SMU looks west for plan of success
AD Steve Orsini takes peek at TCU's blueprint, envisions Mustangs as Dallas' team
SMU athletic director Steve Orsini didn't have to look far for a set of blueprints on how to build a vibrant, winning program at a small, private university in the heart of a big city.
By the time Orsini arrived at SMU five years ago this month, TCU was already in the process of moving from a consistent top-25 football program to one that would end up in two consecutive BCS games, including a Rose Bowl victory and a No. 2 ranking after the 2010 season. TCU has turned into Fort Worth's team, enabling a university with an annual enrollment of less than 10,000 to draw 50,000 fans to big games in the fall.
"It's a great case study for us," Orsini said. "If they can do it, we can do it. I applaud them. You've got to admire the results they've achieved, and it's not just athletics. They have an all-time high in applications that want to come to that university. I don't think it's an accident that their football program, baseball and overall athletics program is at a high level. I feel there are a lot of similarities."
The first step for SMU to begin its quest to join TCU at an elite level was to generate excitement on the football field. To do that, Orsini felt the school had to hire a coach that could elicit respect from the community and be able to turn a program still feeling the ripple effects of the death penalty in the late 1980s into one that could compete at the highest level.
Orsini turned into a salesman, persuading about two dozen supporters to donate $100,000 a year for five years in what he called the "Circle of Champions" so the school could lure June Jones away from Hawaii. Jones had taken the Warriors to a BCS bowl and was looking for a new challenge. He came to SMU prior to the 2008 season and in three years has taken the program to two bowl games, including a win in 2009 in its first such game since the death penalty.
It has translated into a steady increase in fans in the seats at Gerald J. Ford Stadium just north of downtown Dallas. Football attendance is up 52 percent from 2006, going from 15,428 on average to 23,515 in 2010.
"We do think that Dallas is Mustang Country," said Brad Sutton, associate AD for public relations and marketing. "We do want to be Dallas' team and brand ourselves that way. We see Dallas residents coming out. We know we have more than enough college sports fans in even our immediate area to sell out the stadium every week. That's our goal."
They'll need about 10,000 more fans on average to do that. Winning games certainly helps. So does attracting top opposing teams.
"When the old Southwest Conference schools were coming to Dallas and playing SMU, it was special," Orsini said. "To have the highest level of product in college athletics coming to Hilltop is one of our challenges to competing here and on a national scale. It goes back to the customer. We'll attract more of them if we have better teams come play us."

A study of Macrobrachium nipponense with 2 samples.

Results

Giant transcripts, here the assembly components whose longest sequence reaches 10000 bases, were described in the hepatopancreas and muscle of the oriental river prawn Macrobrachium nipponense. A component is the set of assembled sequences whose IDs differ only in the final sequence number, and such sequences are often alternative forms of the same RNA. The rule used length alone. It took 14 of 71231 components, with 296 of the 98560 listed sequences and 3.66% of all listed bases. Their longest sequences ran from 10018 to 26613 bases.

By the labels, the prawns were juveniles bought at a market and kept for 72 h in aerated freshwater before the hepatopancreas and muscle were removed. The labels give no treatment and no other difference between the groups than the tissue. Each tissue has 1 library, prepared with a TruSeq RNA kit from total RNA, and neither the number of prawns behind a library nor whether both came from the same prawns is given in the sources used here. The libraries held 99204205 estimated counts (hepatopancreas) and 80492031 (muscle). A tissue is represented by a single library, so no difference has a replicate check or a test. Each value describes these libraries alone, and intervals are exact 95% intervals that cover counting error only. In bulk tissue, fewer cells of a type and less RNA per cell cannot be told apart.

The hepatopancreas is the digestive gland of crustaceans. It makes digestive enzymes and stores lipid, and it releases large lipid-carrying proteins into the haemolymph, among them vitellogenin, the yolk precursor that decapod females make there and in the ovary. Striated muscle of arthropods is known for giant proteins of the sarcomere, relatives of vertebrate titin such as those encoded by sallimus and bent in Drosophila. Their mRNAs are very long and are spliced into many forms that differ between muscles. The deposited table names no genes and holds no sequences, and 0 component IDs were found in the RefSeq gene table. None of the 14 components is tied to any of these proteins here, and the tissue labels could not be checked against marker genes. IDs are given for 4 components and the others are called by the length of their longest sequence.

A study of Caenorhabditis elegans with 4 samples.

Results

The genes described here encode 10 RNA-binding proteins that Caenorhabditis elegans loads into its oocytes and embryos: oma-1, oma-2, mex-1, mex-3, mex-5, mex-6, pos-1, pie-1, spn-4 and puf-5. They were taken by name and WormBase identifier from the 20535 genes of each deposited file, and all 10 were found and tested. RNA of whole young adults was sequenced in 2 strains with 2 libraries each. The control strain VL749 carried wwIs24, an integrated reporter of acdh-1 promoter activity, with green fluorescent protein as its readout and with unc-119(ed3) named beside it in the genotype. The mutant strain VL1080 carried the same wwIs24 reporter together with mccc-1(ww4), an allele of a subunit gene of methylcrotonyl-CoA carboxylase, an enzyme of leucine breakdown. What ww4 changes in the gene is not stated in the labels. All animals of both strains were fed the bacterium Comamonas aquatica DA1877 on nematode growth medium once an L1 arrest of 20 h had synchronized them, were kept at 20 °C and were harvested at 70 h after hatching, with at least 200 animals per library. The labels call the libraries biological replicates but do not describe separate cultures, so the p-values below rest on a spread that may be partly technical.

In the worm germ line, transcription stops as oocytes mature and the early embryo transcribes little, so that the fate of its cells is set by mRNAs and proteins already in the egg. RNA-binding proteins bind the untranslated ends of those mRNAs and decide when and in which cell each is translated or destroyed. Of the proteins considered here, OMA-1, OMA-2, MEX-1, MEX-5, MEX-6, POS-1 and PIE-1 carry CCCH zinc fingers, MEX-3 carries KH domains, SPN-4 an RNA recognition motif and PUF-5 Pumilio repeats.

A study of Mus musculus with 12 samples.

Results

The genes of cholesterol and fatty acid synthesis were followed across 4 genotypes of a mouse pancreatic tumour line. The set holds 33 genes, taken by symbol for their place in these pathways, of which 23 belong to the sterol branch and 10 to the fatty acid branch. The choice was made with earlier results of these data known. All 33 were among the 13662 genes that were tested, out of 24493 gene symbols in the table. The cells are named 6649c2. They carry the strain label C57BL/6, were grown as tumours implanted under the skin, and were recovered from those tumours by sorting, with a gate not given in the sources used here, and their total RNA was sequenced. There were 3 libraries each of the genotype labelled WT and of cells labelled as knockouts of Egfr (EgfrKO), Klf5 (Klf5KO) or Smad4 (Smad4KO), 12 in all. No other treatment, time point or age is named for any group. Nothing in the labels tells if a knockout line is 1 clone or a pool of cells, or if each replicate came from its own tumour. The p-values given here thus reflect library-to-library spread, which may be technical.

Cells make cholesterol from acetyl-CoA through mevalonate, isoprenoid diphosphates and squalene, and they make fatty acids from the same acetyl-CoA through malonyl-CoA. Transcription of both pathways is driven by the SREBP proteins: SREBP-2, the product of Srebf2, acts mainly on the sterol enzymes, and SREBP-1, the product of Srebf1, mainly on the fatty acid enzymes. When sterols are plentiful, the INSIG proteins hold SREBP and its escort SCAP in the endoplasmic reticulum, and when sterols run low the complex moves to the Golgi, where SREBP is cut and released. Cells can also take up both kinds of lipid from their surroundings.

SMU starts its 2011 season over Labor Day weekend at Texas A&M, and the Aggies will return the favor with a trip to Dallas next year.
Orsini believes in creating more regional rivalries and that drawing those teams, combined with SMU winning games, will only increase interest. It doesn't hurt to have a first-class facility, either. The Mustangs played their football games at a variety of stadiums over the years.
Ownby Stadium was built on the SMU campus in 1926, but the Mustangs moved to the Cotton Bowl in 1948 and then on to Texas Stadium in Irving in 1979. When SMU was a national power -- and starting to get into trouble with the NCAA -- it was doing so at a stadium that wasn't very close to campus. It wasn't until right after the death penalty that SMU resumed football back in north Dallas. But by then, Ownby Stadium was in desperate need of updating.
So the team moved back to Cotton Bowl in 1995 and eventually built Ford Stadium, playing in that facility since 2000.
"It was huge for us to come back to campus in that kind of a stadium," Orsini said. "We have a unique product and us playing in a pro venue and try to look like a pro product wasn't what we needed to do. The consumer knows it's not a pro product. Part of the college product is tailgating. We've got our Boulevard in the center of campus where we tailgate. That was the idea of our president [Gerald Turner]. He wanted to showcase our beautiful university on a Saturday afternoon and now we're doing that."
"We're college athletics and from my perspective we've got a monopoly on that on the Dallas side," Sutton said. "We want to accent the things that make college athletics unique, like the cheerleaders, the band and everything around the experience. We want to make it as enjoyable as we can with easy parking, access to tickets, great concessions.
"But beyond all of that you have to win games," Sutton said. "If we keep doing that, we'll keep building our attendance."
Richard Durrett covers colleges for ESPNDallas.com.